In this chapter, we focus on the security protocols that have been developed, proposed, and specified by the IETF IP Security (IPSEC) WG for the Internet layer of the TCP/IP protocol stack. More specifically, we briefly address some previous work in Section 14.1, overview the standardization efforts of the relevant IETF working groups in Section 14.2, elaborate on the IP security architecture in Section 14.3, further describe the IPsec protocols in Section 14.4, and focus on some relevant key management protocols in Section 14.5. Furthermore, we address implementation issues in Section 14.6 and conclude with some final remarks in Section 14.7. Note that the topic addressed in this chapter (i.e., the IPsec protocols) is very complex, and that the explanations are rather short and not at all comprehensive. Further information can be found in any book on IPsec and virtual private networking [1–3]. Among these books, I particularly recommend .
In most network architectures and corresponding communications protocol stacks, network layer protocol data units are transmitted in the clear, meaning that they are not cryptographically protected during their transmission. Consequently, it is relatively simple to do malicious things, such as inspecting the contents of the data units, forging the source or destination addresses, modifying the contents, or even replaying old data units. There is no guarantee that data units received are in fact from the claimed originators (i.e., the claimed source addresses), that they are delivered to the proper recipients, that they contain the original contents, and that the contents have not been inspected by an eavesdropper while the data units were transmitted from the originators to the recipients. The lack of built-in security is particularly true for IP packets.
Against this background, the idea of having a standardized network or Internet layer security protocol (to protect network or Internet layer protocol data units) is not new, and several protocols had been proposed before the IETF IPSEC WG started to meet:
The Security Protocol 3 (SP3) was a network layer security protocol jointly developed and proposed by the U.S. National Security Agency (NSA) and the National Institute of Science and Technology (NIST) as part of the secure data network system (SDNS) suite of security protocols . Outside the U.S. military, the SDNS and its security protocols have not seen widespread use. This is particularly true for SP3.
The Network Layer Security Protocol (NLSP) was developed by the ISO to secure the Connectionless Network Protocol (CLNP) . Similar to IP in the Internet model, CLNP provides a connectionless and unreliable network layer service to the higher layers in the OSI-RM. As such, the aim of the NLSP is to secure the network layer service and to provide some basic security services to the higher layers. The NLSP is an incompatible descendent of SP3.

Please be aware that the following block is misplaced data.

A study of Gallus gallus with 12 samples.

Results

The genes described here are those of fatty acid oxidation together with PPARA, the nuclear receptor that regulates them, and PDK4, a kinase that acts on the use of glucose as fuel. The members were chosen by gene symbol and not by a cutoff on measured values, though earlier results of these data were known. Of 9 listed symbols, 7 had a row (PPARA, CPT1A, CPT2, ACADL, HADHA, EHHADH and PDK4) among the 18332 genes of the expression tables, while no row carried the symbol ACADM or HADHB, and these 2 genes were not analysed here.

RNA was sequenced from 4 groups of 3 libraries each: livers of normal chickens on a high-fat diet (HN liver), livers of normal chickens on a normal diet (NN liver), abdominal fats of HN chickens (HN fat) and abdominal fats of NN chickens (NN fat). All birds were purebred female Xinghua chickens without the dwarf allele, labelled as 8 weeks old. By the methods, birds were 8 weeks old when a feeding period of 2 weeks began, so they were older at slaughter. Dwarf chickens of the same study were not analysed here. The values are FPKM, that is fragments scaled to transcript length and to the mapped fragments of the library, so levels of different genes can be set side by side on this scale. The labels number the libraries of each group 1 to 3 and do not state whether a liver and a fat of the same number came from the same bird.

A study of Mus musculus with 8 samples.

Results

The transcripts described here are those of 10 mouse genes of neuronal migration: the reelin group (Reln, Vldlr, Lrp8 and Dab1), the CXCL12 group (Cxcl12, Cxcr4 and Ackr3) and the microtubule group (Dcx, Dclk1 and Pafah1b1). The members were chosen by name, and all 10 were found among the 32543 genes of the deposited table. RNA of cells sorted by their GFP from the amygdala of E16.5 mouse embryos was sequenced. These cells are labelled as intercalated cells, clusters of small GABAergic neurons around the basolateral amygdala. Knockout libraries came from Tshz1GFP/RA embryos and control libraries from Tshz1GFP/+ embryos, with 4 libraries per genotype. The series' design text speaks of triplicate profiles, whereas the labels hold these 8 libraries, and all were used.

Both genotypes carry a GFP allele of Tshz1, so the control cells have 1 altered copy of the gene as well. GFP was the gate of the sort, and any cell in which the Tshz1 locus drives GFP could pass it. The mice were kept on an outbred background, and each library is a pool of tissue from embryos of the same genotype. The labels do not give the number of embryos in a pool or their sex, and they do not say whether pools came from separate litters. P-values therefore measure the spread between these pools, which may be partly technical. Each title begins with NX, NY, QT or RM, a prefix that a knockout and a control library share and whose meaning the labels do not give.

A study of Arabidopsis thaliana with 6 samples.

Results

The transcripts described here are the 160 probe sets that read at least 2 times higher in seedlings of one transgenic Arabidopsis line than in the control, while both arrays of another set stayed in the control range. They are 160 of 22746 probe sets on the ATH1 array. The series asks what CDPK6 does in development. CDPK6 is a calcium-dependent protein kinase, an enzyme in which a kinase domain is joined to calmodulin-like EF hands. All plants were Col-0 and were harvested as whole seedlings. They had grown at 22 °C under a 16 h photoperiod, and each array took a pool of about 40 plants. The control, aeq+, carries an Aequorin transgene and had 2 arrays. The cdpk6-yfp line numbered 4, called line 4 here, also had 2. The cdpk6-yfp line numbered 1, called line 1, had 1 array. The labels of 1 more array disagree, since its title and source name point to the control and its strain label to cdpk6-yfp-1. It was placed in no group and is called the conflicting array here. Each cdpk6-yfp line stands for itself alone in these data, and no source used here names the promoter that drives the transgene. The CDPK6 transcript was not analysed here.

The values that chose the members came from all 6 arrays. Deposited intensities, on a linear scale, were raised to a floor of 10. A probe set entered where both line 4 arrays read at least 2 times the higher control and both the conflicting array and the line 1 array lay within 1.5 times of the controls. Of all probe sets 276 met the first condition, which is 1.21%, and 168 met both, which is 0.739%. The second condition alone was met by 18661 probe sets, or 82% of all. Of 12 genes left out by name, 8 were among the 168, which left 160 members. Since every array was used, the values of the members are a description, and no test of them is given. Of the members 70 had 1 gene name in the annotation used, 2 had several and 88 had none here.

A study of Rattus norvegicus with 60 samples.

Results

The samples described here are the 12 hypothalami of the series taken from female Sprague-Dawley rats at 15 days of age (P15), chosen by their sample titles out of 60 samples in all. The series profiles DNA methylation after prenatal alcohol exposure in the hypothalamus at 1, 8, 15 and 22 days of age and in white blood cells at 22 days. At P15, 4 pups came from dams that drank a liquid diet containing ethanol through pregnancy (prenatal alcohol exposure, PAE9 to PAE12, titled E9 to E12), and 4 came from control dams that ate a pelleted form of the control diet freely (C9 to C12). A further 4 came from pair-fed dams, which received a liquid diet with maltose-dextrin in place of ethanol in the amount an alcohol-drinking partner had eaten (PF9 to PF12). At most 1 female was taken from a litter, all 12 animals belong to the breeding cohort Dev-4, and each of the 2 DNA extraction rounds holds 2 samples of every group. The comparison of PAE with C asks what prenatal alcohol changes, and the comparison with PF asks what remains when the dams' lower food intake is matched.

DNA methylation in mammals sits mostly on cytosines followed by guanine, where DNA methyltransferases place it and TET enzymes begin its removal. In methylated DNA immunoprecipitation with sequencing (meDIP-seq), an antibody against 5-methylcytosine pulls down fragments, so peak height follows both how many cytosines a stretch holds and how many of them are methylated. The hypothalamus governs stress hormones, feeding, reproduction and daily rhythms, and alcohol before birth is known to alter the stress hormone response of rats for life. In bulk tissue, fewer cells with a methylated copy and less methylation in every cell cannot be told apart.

The Integrated NLSP (I-NLSP) was originally developed and proposed by Robert K. Glenn at the NIST to provide security services for both IP (i.e., IPv4) and CLNP. Again, the security function of I-NLSP is roughly similar to that of SP3, although some details differ. For example, I-NLSP provides some additional functionality, such as security label processing.
A protocol named swIPe was yet another experimental Internet layer security protocol that was developed and prototyped by John Ioannidis and Matt Blaze . The prototype implementation is publicly and freely available on the Internet. It was often used in UNIX environments and it is still in use today.
The network and Internet layer security protocols listed are more alike than they are different. In fact, they all use encapsulation as their basic enabling technique. What this basically means is that authenticated or encrypted network layer protocol data units are contained within other data units. In the case of IP encapsulation, for example, outgoing plaintext IP packets are authenticated or encrypted and encapsulated in new IP packets by adding new IP headers that are used to route the packets through the internetwork. At the peer systems, the incoming IP packets are decapsulated, meaning that the outer IP headers are stripped off and the inner IP packets are authenticated or decrypted and then forwarded to the intended recipients.
An encapsulated IP packet is illustrated in Figure 14.1. Note that the original IP header and IP payload are collectively treated as the payload for the new IP packet, and that a new IP header must be prepended to this new payload. Consequently, the new IP header must not be encrypted, since it must be used to route (or "tunnel") the new IP packet through the (inter)network. Such an encapsulation or tunneling scheme is convenient, since it means that no changes are required to the existing Internet routing infrastructure: authenticated or encrypted IP packets have an unencrypted, normal-looking outer IP header, and this IP header can be used to route and process the packet as usual. This transparency is convenient for the large-scale deployment of encapsulation and tunneling schemes in general, and IP encapsulation or tunneling in particular. In fact, similar IP encapsulation or tunneling schemes can be used to transfer multicast or IPv6 traffic through unicast or IPv4 network segments.
Figure 14.1: Encapsulated IP packet.
The acronym "IPsec" is used inconsistently. Sometimes "IPSec" is used instead of "IPsec" or "IPSEC." In this book, we use "IPSEC" to refer to the IETF WG of the same name, and "IPsec" to refer to the corresponding security architecture and suite of security protocols.
This book is also published in Artech House's Computer Security Series.
Note that IP packets are the protocol data units for the network layer protocol of the Internet architecture, namely, the Internet Protocol (IP).
I-NLSP was specified in an Internet-Draft that expired long ago.